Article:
Forgo the Fast Lane for a Seat at the Thanksgiving Table

“I am going to stop running through my life.” I said these words out loud in my walk-in closet where I sifted through the worn-out clothes and wished for replacements. The fall ritual of shifting the old season’s clothes to the back and bringing the new season to the front had left me wanting.

Other expenses would come first this year, and I would need to make do. Before I even started to grumble about that, I had a middle-age realization—every new season will bring the desire to set aside what I already have to pursue something new.

I visualized my 20-year chase toward the ideal without stopping to acknowledge and enjoy the gains. Another hour of housekeeping passed—during which I let go of the What Not to Wear logic for sorting—before I actually spoke those words that would become my verbal commitment to forgo the pursuit.

That might be the first time that an epiphany caused me to literally sit down with my thoughts instead of jump up to start implementing them. I did sit down, filled my usual half-empty glass with gratitude for a thousand little finds and poured it into the days ahead.

Still, my turning point was not complete. Another life lesson followed to test my new resolve. A sudden and unexpected accident sent my husband to the hospital with serious injuries, including a fracture in his back. His reaction—while he waited for the paramedics, in the emergency room and hospital bed, and at home healing—humbled me. His sense of humor and calm demeanor set people at ease and directed attention away from himself.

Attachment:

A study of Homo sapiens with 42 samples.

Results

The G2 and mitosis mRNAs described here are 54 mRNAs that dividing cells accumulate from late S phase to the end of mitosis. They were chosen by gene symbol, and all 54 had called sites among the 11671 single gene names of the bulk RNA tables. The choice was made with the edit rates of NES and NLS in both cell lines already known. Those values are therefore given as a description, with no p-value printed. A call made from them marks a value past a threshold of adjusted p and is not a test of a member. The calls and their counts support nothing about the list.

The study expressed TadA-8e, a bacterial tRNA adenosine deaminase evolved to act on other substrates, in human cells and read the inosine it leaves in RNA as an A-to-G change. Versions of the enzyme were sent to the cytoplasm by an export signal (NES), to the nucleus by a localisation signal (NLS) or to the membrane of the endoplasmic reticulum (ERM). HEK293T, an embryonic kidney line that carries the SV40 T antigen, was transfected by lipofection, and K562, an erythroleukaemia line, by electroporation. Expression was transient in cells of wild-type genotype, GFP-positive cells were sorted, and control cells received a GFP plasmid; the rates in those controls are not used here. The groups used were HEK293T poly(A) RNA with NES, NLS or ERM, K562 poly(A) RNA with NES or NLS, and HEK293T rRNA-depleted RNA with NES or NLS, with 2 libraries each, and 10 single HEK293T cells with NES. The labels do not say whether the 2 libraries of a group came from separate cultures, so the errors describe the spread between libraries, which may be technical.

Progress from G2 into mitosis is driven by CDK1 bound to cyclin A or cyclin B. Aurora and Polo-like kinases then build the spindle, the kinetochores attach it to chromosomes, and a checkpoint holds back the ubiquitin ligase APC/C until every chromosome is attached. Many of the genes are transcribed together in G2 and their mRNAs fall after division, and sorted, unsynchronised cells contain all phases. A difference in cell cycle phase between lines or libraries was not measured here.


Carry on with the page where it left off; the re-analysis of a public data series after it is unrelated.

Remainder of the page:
The fast-paced race going on outside our windows faded even further from view as we focused on the essentials of life and love. As a result, these days of crises unfolded into days of thanksgiving. I gave thanks for a family meal around his bed, thanks for the skilled nurses and doctors, thanks when he began to walk, thanks for the prayers and service offered, thanks for his pain that healed me.

Now, the actual Thanksgiving Day opens another season of rushing toward more, and I wonder, Will I be swept into the crush or forgo the pursuit for a seat at the table that is already set before me?

This is an entry in the November Write-Away Contest at Scribbit. She’s accepting entries on a Thanksgiving topic beginning with a letter F (mine is “FORGO the Fast Lane”) until November 19.


  1. Michelle at Scribbit
    Nov 11, 2008

    “I did sit down, filled my usual half-empty glass with gratitude for a thousand little finds and poured it into the days ahead.” Very nice sentence first of all–

    And then I can identify with this, I’ve always been someone who looks forward, thinks about what’s coming or what to expect rather than enjoying what I have and it’s a constant struggle to remember the good things in front of me whether it’s my children and the phase they’re in right now or our careers or plans for anything.

    Love your writing.

  2. Mozi Esme's Mommy
    Nov 21, 2008

    Enjoying the moment… I have been focusing on this a lot lately – it’s so against my nature, but right now it’s the only way I can stay sane. Great post, and here’s to a wonderful Thanksgiving filled with enjoyment and thanks for the moments…

  3. An Ordinary Mom
    Nov 23, 2008

    I am constantly having to remind myself to now always hurry and to not always say that “h” word to my kids.

    “Come what may, and love it.” Your post reminds me of this fabulous talk by Elder Wirthlin.

    As always, thanks for all your words of wisdom. (It’s been awhile since I have checked my bloglines account … I had a lot of catching up to do on your site 🙂 !!)

  4. Daisy
    Nov 28, 2008

    I hope your husband is doing well. What a frightning experience as well as a life-changing one.